Pass Rusher Profile: Hau'oli Kikaha
After a spectacular 2013 season Cameron Jordan took a small step back in 2014 and with question marks over the future of Junior Galette, the New Orleans Saints needed a boost to their pass rush in this year’s draft. In the second round they took a flier on a tremendously productive stand up pass rusher who has a history of knee injuries. Hau’oli Kikaha was part of a star studded defense for the Washington Huskies last season, their most productive pass rusher and a man who finished second to Nate Orchard with 20 sacks.
The Saints two-pronged attack is centered on two hand-down pass rushers at present, but Kikaha will bring a wealth of experience of as a stand up pass rusher (only 12 pass rushes last season from a three-point stance) to the Saints’ defense which may allow Rob Ryan to introduce more genuine hybrid looks.
Kikaha was widely lauded as a “high motor” pass rusher and that is highlighted by his profile above showing a high number of pressures recorded in clean up and pursuit. That doesn’t even factor in that a number of his 30 pressures that came by beating pass protectors to the outside were as much about an unwillingness to quit as his ability to simply beat a blocker with athleticism and technique.
People might often seek the athlete who can win with his speed or his power, but a player like Kikaha wins consistently with a blend of natural traits and a desire and work rate that can be as hard to replicate as natural physical ability.
Unsurprisingly for a player who racked up 62 pressures last season, Kikaha was productive regardless of the down for the Huskies in 2014, but even still, he got more productive with every single down. His peak on third downs (with 26 pressures on 126 pass rushes) is highlighted by his ability to get after the quarterback regardless of the yards to go for the defense.
Part of this may be the freedom he was given to rush the passer at the expense of his run defense as much as his ability, but he still showed a remarkable ability to get the job done regardless of the third-down situation. Kikaha even added a pair of sacks on fourth downs last season to definitively see the opposition off the field.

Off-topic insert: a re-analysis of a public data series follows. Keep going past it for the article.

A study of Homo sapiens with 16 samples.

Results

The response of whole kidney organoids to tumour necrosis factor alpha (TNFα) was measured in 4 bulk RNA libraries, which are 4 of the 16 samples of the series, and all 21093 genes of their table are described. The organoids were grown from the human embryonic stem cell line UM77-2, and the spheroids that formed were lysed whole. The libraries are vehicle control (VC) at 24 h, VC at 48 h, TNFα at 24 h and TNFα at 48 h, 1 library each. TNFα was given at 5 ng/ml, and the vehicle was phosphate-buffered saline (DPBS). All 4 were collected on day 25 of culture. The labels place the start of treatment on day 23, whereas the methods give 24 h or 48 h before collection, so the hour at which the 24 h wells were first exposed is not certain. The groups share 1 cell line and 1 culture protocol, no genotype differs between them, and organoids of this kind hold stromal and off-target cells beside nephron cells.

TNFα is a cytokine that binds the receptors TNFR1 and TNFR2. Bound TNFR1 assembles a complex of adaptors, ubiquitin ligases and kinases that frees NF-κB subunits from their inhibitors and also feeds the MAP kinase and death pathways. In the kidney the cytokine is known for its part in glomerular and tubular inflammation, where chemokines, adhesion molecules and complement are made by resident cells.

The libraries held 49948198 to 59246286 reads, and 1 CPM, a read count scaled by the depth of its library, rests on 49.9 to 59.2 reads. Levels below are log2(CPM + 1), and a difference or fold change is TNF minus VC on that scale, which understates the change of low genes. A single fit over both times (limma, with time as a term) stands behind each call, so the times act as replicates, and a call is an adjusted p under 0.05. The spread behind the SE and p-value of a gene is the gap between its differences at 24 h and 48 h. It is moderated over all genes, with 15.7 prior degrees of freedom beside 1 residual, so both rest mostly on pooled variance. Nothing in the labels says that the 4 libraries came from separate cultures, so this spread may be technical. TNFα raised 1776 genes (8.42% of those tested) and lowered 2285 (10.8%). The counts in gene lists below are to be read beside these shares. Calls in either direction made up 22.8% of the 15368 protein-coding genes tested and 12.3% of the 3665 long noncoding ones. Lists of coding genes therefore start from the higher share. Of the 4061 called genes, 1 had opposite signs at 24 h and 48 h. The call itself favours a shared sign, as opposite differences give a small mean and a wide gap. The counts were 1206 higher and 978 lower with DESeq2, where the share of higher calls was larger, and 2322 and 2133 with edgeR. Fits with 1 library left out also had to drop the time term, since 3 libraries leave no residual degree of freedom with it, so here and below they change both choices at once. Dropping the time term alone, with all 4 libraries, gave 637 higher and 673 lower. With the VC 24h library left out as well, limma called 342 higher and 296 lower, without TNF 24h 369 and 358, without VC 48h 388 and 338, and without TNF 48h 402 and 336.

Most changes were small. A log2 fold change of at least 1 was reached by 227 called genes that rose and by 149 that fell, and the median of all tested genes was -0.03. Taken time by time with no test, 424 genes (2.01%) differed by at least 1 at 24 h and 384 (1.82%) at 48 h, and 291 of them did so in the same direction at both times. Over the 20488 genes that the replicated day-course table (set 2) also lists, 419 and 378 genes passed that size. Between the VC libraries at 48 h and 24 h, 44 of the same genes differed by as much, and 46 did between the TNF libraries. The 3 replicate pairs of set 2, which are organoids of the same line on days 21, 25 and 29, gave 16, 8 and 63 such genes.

Kikaha is being widely viewed as a sub-package, pass-rush specialist for the Saints this season and that would certainly set him free to replicate his playing style from his senior season with the Huskies. Putting Kikaha into obvious passing situations should liberate him to replicate some of the more gaudy numbers you can see here from his production against deeper drops and longer holds by the quarterback in terms of time from snap to release.
You expect pass rushers to capitalize on these situations, but the extent to which Kikaha exploited them is astonishing. His Pass Rushing Productivity against seven-step drops was bettered only (just) by Michael Odiari of Texas State (Sun Belt) with only Dante Fowler and James Vaughters in close company from the bigger conferences.
There may be concerns over Kikaha’s ability to defend the run and stay healthy for the long term but his ability to get after the quarterback as a specialist pass rusher should boost the Saints and concern the less-than-stellar offensive lines in the rest of the NFC South.